The general practice experience of the swine flu epidemic in Victoria — lessons from the front line
The swine influenza (H1N1 09) outbreak in Victoria has provided an excellent opportunity to review the Australian Health Management Plan for Pandemic Influenza (AHMPPI) and to assess its performance in practice.
General practitioners play a major role in seasonal flu management, and it was expected that the AHMPPI would enable GPs on the front line to maintain this central role during the swine flu pandemic.
The role of front-line GPs has been made extremely difficult by deficiencies in implementation of the AHMPPI, including resource supply failures, time-consuming administrative burdens, delays in receiving laboratory test results and approval for provision of oseltamivir to patients, and a lack of clear communication about policy changes as the situation progressed.
We must use this experience to ensure timely and appropriate review of the AHMPPI and the way it is implemented. Better consultation with front-line clinicians, particularly GPs, is crucial and must occur as a matter of urgent priority.
The current issue of the Medical Journal of Australia (MJA) discusses various aspects of the H1N1 flu and its impact on Australians and doctors.
From the abstract above, one can see that no nation's Action plan i.e. Australian Health Management Plan for Pandemic Influenza (AHMPPI) is foolproof, and implementation has been fraught with difficulties.
Malaysians are getting impatient with the authorities and the health ministry for their perceived failure and incompetence to address this pandemic which appears to be surging ahead in full steam!
But as I have stated repeatedly, this is no fault of any agency or authority—ground level practices are not simply about to run smoothly just because some of these policies have been articulated and announced.
The actual implementation and roll-out of these plans are often more difficult to foresee than has been thought about—patients and citizens react differently and in many instances outside the expected script of what we thought they should be!
In Australia, some of these main deficiencies and grouses have been identified:
- resource supply failures,
- time-consuming administrative burdens,
- delays in receiving laboratory test results,
- delayed approval for provision of oseltamivir to patients, and
- a lack of clear communication about policy amendments
This is part and parcel of the chaotic nonlinear non-expected eruptions of an infection which is fairly contagious as well as capricious in terms of severity predictions.
2 young children joined the list of Malaysian H1N1 fatalities in the past day or so. Flu death toll rises to six
The unpredictable nature and the 'absent' risk factors of these 2 deaths, serve as alarming reminders that no one can be certain how this pandemic will pan out.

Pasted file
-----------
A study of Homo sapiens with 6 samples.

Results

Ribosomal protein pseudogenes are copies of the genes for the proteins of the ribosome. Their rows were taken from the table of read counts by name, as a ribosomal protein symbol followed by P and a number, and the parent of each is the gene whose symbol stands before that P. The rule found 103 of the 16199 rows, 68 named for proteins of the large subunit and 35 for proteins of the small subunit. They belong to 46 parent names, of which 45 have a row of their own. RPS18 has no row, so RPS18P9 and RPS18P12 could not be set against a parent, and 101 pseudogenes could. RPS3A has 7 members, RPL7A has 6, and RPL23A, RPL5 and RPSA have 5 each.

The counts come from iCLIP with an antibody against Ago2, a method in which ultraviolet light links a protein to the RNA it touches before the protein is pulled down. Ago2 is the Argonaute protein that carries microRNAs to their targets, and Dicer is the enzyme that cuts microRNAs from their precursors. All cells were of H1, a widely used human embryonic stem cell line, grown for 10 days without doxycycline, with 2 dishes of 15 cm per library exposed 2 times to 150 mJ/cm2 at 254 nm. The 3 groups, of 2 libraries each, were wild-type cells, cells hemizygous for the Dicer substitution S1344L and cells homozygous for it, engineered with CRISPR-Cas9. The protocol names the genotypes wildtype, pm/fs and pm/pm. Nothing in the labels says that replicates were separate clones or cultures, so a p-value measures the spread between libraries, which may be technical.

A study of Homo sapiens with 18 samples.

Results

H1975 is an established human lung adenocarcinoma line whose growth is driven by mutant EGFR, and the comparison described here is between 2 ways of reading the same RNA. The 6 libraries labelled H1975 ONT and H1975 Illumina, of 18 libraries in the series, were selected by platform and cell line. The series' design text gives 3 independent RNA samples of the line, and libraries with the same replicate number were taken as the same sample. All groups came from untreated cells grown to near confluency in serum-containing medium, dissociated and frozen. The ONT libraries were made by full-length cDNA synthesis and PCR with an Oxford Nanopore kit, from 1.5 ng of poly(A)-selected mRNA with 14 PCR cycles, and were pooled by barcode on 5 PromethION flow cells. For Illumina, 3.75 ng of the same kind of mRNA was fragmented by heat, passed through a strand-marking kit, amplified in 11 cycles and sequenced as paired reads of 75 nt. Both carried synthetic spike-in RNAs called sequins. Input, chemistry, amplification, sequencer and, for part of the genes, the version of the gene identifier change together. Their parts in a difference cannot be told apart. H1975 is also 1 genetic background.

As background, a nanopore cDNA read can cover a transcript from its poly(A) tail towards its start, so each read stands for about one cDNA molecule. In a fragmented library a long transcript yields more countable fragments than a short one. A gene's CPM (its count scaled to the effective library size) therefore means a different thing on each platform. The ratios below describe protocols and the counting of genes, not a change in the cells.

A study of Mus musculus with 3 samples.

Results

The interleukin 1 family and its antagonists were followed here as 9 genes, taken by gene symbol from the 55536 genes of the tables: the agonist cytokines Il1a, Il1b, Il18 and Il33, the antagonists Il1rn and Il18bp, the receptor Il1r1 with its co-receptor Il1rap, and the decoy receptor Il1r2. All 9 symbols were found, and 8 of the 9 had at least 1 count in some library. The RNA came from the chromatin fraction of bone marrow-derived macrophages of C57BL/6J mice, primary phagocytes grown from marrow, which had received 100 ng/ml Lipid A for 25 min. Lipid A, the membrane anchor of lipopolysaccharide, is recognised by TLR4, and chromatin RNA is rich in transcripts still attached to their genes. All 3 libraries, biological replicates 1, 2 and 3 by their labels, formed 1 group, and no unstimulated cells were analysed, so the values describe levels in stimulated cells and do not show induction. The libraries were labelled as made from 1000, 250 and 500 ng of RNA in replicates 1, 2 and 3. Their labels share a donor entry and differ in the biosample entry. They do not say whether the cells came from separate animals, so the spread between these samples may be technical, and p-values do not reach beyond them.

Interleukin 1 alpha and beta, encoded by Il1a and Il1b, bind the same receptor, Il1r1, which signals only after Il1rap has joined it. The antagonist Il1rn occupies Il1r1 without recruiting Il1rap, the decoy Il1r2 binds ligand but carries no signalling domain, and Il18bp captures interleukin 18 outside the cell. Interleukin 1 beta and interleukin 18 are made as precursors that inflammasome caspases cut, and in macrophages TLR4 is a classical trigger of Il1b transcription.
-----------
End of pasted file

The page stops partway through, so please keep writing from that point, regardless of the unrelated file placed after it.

Clearly, it is time to inform and remind people that this may become the likely scenario in the days and weeks to come, and that while we try and improve our logistics and implementation of policies and technical expertise—that no matter the preparedness or lack thereof—adverse outcome statistics will continue to shock us, until an equilibrium is reached...
Perhaps as a comparative note, it would be useful to relook at the updated Australian response:
The abstract is reproduced below:
- To date, there have been thousands of cases of H1N1 influenza 09 (human swine influenza) worldwide, with established community transmission in parts of Australia.
Timely diagnostic tests can enable targeted antiviral treatment early in the course of the pandemic. Rapid antigen tests will be less useful once the pandemic is established.
Recommendations for use of antiviral treatment for influenza:
Neuraminidase inhibitors (oseltamivir and zanamivir) are the antiviral agents of choice for H1N1 influenza 09.
In otherwise healthy children and adults with confirmed or suspected influenza, antiviral treatment is of greatest benefit when given within 48 hours of symptom onset.
Treatment should be prioritised for patients with risk factors for severe disease, such as older people (> 65 years), pregnant women, patients with chronic disease (eg, asthma, cardiorespiratory disease, diabetes and renal failure) or immunosuppression, and young children.
Antiviral treatment can be given to children as young as 1 year. However, animal studies suggest central nervous system accumulation of oseltamivir in infants <>
Antiviral treatment should be offered to pregnant women with suspected or confirmed influenza because of the risk of severe disease in this group; there is limited evidence suggesting safety during pregnancy.
Antiviral treatment should be given to hospitalised patients with severe influenza infection (especially pneumonia), even > 48 hours after symptom onset. Antibiotics should be given to such patients according to established guidelines for community-acquired pneumonia.
Recommendations for use of antiviral prophylaxis:
Antiviral prophylaxis can be given to health care workers and close contacts of patients with influenza following exposure, and to residents of institutions to terminate outbreaks. Contacts not provided with prophylaxis should have access to early treatment with antiviral agents.
Long-term prophylaxis can be given to “first responder” health care workers for durations of up to 6 weeks for oseltamivir and 4 weeks for zanamivir. Use of antiviral prophylaxis for these groups should be in the context of agreement to use the national stockpile.